Trigger warning: gun violence, death
Aaron Dean, a white Fort Worth police officer, has been charged with murder after shooting a black woman, Atatiana Jefferson, 28, through the window of her home. Jail records show Dean, 34, was out on $200,000 bond Monday night, less than four hours after his arrest. Earlier in the day, he had resigned from the force, though the police chief clarified that he would have been fired if he hadn’t.
Meanwhile, the Fort Worth Police Department told the community that they would leave “no stone unturned” in their investigation. Police bodycam video showed Dean approaching the door of the home where Jefferson was playing with her 8-year-old nephew early Saturday. He then walked around the side of the house, entered a gate to the backyard and fired a shot through a window seconds after shouting at Jefferson to show her hands.
Dean did not identify himself as police on the video, and Interim Police Chief Ed Kraus said neither Dean nor the other officer who responded to the call had even bothered to knock on the front door of the home. “Nobody looked at this video and said that there’s any doubt that this officer acted inappropriately,” Kraus added.
Sgt. Chris Daniels read a statement Monday night after the officer’s arrest in which he stated that the department’s major case and internal affairs units were working “around the clock” for justice in the murder case. “To the citizens and residents of our city: We feel and understand your anger and disappointment and we stand by you as we work together to make Fort Worth a better place for all of us,” Daniels said.
BREAKING: Aaron Dean, the Fort Worth officer who resigned after shooting Atatiana Jefferson dead in her home, has been arrested and charged with murder, police say https://t.co/73M93pOvOV— CNN (@CNN) October 15, 2019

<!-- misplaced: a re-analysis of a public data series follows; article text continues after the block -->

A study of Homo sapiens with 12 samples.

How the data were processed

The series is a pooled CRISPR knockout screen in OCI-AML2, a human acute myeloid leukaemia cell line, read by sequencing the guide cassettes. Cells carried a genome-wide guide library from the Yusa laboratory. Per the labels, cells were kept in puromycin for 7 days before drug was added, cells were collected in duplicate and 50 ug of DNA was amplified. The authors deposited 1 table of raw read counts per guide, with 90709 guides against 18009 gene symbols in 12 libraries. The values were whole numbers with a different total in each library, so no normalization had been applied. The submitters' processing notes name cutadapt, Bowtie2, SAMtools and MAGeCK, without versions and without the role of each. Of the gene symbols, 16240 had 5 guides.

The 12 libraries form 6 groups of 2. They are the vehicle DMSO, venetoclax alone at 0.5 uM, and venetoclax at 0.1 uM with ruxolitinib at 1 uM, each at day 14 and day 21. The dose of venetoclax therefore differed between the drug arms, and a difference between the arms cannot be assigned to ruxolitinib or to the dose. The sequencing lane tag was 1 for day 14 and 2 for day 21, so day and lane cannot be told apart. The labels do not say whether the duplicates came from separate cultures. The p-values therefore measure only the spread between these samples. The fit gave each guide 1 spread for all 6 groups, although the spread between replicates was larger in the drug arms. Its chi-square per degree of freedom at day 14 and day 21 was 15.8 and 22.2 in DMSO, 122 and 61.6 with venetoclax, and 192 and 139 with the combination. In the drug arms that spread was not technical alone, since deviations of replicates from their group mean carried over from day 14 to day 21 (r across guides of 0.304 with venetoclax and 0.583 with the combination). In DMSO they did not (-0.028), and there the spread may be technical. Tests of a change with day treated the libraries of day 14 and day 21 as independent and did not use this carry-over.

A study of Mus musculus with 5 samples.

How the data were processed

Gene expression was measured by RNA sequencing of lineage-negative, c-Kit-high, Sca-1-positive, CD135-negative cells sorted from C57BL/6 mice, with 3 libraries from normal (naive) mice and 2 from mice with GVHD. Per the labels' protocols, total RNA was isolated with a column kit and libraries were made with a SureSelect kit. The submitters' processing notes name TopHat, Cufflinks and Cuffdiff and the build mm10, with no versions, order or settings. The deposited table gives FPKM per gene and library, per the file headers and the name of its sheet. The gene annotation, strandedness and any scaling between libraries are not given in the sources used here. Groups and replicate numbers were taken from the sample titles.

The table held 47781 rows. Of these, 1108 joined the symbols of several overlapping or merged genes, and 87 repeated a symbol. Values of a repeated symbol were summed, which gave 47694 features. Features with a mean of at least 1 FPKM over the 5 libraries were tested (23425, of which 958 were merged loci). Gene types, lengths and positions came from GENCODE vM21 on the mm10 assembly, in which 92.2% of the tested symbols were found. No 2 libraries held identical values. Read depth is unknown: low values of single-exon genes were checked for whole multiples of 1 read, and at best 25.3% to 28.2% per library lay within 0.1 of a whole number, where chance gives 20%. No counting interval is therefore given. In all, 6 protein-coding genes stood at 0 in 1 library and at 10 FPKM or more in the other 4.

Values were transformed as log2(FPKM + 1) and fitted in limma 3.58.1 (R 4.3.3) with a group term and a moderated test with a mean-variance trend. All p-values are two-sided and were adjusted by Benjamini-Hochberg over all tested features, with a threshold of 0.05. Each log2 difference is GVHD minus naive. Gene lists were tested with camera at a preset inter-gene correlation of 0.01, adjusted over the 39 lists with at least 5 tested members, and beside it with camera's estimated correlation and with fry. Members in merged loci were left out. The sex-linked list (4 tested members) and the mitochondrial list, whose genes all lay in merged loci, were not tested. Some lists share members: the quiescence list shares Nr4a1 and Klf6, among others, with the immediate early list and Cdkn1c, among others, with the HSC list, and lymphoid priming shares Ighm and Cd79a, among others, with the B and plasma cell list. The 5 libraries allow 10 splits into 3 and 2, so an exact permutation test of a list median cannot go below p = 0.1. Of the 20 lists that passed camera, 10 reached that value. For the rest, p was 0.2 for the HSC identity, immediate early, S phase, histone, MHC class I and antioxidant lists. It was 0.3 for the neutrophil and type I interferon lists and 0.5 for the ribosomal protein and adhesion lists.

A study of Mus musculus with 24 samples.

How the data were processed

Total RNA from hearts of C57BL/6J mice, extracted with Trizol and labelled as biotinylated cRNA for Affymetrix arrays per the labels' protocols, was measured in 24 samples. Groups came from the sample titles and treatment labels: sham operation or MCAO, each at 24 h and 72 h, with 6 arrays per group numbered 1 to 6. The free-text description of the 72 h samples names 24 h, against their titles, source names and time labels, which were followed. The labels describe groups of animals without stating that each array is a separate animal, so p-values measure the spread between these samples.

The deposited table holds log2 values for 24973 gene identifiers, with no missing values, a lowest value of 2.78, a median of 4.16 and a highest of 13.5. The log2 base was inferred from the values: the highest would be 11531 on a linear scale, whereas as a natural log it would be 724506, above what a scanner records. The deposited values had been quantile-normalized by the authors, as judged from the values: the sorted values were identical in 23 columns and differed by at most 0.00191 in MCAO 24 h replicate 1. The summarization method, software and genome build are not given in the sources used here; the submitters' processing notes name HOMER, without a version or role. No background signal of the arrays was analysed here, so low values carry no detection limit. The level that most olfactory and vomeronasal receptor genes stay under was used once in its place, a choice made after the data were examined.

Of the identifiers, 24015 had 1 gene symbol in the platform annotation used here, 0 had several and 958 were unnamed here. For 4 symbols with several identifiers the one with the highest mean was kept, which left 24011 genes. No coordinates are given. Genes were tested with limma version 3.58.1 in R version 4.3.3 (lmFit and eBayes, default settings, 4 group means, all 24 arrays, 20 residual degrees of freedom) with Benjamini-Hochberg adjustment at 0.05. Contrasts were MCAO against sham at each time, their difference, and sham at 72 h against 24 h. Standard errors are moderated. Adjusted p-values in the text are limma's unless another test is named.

Earlier in the day, Jefferson’s family had demanded that Dean, who had been on the force for just over a year, be fired and arrested. “Why this man is not in handcuffs is a source of continued agitation for this family and for this community,” family attorney Lee Merritt said, hours before Dean was booked into jail.
After his arrest, Merritt said the family “needs to see this through to a vigorous prosecution and appropriate sentencing” and added that “the city of Fort Worth has much work to do to reform a brutal culture of policing.”
Police had been called to Jefferson’s home at about 2:25 a.m. when a neighbor called a non-emergency line to report that the front door was open. In a statement over the weekend, the department said officers saw a woman inside the home and that one of them drew his gun and fired after “perceiving a threat.”
The police chief said, “I cannot make sense of why she had to lose her life.” The chief said Dean resigned without talking to internal affairs investigators. Police had mentioned that they found a gun in the home, but Krauss added that having a gun was common in Texas.
BREAKING: The Texas police officer who fatally shot Atatiana Jefferson, a 28-year-old Black woman, in her own home on Saturday has resigned from the force. https://t.co/IU7aTwXkon— HuffPost (@HuffPost) October 14, 2019
“We’re homeowners in Texas,” the police chief said. “Most of us, if we thought we had somebody outside our house that shouldn’t be and we had access to a firearm, we would be acting very similarly to how she was acting.” Kraus later said he regretted releasing the images of the weapon. Meanwhile, Mayor Betsy Price called the gun “irrelevant.”
“Atatiana was in her own home, caring for her 8-year-old nephew. She was a victim,” she said.
A large crowd gathered outside Jefferson’s home Sunday night for a vigil, leaving flowers and stuffed animals on the street. The police chief said Dean could face state charges and that the case had been submitted to the FBI to review for possible federal civil rights charges.
Jefferson was a 2014 graduate of Xavier University in New Orleans and earned a bachelor’s degree in biology. She was working in pharmaceutical equipment sales and was considering going to medical school, according to the family’s lawyer. She also cared for her mother, who was struggling with medical issues.